A Little Princess
Imagine, if you can, what the rest of the evening was like. How they crouched by the fire
which blazed and leaped and made so much of itself in the little grate. How they removed
the covers of the dishes, and found rich, hot, savory soup, which was a meal in itself, and
sandwiches and toast and muffins enough for both of them. The mug from the washstand
was used as Becky's tea cup, and the tea was so delicious that it was not necessary to
pretend that it was anything but tea. They were warm and full-fed and happy, and it was
just like Sara that, having found her strange good fortune real, she should give herself up
to the enjoyment of it to the utmost. She had lived such a life of imaginings that she was
quite equal to accepting any wonderful thing that happened, and almost to cease, in a
short time, to find it bewildering.
"I don't know anyone in the world who could have done it," she said; "but there has been
someone. And here we are sitting by their fire--and--and--it's true! And whoever it is--
wherever they are--I have a friend, Becky--someone is my friend."
It cannot be denied that as they sat before the blazing fire, and ate the nourishing,
comfortable food, they felt a kind of rapturous awe, and looked into each other's eyes
with something like doubt.
"Do you think," Becky faltered once, in a whisper, "do you think it could melt away,
miss? Hadn't we better be quick?" And she hastily crammed her sandwich into her mouth.
If it was only a dream, kitchen manners would be overlooked.
"No, it won't melt away," said Sara. "I am EATING this muffin, and I can taste it. You
never really eat things in dreams. You only think you are going to eat them. Besides, I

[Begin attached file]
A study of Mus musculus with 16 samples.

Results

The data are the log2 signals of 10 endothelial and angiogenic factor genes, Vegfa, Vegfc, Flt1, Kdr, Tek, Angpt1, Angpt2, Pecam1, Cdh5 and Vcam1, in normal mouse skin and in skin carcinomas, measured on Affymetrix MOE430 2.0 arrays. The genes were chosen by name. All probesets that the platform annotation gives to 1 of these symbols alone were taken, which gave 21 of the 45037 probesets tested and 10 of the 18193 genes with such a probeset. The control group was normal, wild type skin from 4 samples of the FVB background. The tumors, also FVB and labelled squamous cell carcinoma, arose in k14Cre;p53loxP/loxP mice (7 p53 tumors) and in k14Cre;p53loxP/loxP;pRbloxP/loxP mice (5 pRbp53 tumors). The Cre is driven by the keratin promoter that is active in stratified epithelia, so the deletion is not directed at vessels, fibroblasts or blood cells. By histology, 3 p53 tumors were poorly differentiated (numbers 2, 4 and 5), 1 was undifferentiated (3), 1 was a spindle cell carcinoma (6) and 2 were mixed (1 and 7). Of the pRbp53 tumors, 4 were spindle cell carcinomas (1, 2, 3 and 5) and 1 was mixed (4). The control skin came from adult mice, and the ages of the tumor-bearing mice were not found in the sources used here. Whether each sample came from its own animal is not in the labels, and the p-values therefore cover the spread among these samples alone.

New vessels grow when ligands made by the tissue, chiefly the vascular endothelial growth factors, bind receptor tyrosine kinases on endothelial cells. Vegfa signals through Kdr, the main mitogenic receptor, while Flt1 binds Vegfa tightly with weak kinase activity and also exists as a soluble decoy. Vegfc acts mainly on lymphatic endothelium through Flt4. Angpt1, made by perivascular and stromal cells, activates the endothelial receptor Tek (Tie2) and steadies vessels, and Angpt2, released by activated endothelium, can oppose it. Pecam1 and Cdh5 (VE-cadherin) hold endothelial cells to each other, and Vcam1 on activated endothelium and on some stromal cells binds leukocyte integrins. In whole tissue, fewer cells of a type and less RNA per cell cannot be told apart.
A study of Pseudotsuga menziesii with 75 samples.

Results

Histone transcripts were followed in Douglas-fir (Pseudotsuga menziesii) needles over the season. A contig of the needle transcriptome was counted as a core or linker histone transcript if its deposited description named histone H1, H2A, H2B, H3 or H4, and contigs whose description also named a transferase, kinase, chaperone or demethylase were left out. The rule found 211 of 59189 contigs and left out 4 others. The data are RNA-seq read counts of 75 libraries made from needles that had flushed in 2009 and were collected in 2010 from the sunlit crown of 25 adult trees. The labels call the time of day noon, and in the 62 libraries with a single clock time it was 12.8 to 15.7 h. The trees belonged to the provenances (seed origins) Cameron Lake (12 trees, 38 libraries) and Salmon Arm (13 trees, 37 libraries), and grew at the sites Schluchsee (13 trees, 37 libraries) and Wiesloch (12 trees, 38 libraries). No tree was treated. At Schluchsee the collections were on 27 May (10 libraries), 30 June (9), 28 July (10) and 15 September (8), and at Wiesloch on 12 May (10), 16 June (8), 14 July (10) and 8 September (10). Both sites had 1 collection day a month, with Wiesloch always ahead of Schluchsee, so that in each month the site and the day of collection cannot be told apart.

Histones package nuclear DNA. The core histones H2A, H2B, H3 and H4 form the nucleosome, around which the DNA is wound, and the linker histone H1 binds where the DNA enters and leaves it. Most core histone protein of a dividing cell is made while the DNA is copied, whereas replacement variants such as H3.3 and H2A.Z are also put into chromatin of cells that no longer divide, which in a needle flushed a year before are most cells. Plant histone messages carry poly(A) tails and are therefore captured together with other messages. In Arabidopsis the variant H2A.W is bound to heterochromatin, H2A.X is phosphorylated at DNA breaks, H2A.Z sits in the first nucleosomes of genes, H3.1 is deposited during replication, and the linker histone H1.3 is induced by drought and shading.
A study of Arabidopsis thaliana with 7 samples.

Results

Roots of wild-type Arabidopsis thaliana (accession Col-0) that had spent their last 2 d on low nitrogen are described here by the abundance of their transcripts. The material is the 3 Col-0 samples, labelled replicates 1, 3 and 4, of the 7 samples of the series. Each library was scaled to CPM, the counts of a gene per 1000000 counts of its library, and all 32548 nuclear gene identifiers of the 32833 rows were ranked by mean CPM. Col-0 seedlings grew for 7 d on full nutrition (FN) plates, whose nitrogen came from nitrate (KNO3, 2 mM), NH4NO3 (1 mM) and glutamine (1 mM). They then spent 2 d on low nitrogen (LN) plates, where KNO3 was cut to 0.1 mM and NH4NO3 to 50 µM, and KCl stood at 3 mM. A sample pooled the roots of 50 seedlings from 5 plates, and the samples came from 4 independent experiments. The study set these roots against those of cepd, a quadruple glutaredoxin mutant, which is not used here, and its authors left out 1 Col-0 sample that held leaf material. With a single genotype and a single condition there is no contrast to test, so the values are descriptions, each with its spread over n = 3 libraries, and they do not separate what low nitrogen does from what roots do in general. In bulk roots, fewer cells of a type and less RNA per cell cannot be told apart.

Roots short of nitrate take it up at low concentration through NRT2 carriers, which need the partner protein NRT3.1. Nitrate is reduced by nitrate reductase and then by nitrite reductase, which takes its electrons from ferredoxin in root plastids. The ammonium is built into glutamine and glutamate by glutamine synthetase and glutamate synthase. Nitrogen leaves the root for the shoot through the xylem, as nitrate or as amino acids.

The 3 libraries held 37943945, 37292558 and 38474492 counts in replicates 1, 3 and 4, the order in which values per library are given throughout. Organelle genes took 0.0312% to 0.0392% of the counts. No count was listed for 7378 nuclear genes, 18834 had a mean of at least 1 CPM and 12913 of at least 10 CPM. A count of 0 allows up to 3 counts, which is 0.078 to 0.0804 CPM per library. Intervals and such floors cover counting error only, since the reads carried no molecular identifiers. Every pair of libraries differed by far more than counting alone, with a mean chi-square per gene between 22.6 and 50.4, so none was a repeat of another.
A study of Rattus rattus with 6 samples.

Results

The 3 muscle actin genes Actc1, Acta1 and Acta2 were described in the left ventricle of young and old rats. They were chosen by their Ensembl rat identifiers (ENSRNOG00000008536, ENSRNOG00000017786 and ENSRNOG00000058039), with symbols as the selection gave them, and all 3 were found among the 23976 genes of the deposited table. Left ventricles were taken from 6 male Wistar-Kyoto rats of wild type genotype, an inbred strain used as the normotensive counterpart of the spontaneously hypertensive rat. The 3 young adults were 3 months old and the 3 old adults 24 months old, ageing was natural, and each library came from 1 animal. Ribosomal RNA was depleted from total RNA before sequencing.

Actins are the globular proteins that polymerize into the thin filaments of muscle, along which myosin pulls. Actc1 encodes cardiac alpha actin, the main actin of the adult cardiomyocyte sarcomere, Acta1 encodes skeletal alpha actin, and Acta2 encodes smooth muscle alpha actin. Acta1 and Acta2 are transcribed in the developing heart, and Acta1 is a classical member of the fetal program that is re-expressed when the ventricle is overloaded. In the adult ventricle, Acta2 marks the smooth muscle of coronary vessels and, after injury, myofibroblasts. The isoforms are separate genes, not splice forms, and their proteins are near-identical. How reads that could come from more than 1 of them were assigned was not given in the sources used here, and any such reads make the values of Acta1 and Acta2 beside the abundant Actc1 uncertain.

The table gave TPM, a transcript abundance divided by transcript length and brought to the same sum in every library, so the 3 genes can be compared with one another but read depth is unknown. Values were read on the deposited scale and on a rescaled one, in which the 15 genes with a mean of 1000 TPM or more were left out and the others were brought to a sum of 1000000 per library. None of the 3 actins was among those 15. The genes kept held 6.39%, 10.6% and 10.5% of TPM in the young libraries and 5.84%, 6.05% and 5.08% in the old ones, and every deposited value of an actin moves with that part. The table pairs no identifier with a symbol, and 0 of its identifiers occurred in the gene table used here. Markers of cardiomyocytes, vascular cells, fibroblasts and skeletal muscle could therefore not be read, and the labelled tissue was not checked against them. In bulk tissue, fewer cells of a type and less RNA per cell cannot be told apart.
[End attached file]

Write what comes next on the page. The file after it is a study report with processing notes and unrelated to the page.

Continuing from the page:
keep giving myself pinches; and I touched a hot piece of coal just now, on purpose."
The sleepy comfort which at length almost overpowered them was a heavenly thing. It
was the drowsiness of happy, well-fed childhood, and they sat in the fire glow and
luxuriated in it until Sara found herself turning to look at her transformed bed.
There were even blankets enough to share with Becky. The narrow couch in the next attic
was more comfortable that night than its occupant had ever dreamed that it could be.
As she went out of the room, Becky turned upon the threshold and looked about her with
"If it ain't here in the mornin', miss," she said, "it's been here tonight, anyways, an' I
shan't never forget it." She looked at each particular thing, as if to commit it to memory.
"The fire was THERE", pointing with her finger, "an' the table was before it; an' the lamp
was there, an' the light looked rosy red; an' there was a satin cover on your bed, an' a
warm rug on the floor, an' everythin' looked beautiful; an'"--she paused a second, and laid
her hand on her stomach tenderly--"there WAS soup an' sandwiches an' muffins--there
WAS." And, with this conviction a reality at least, she went away.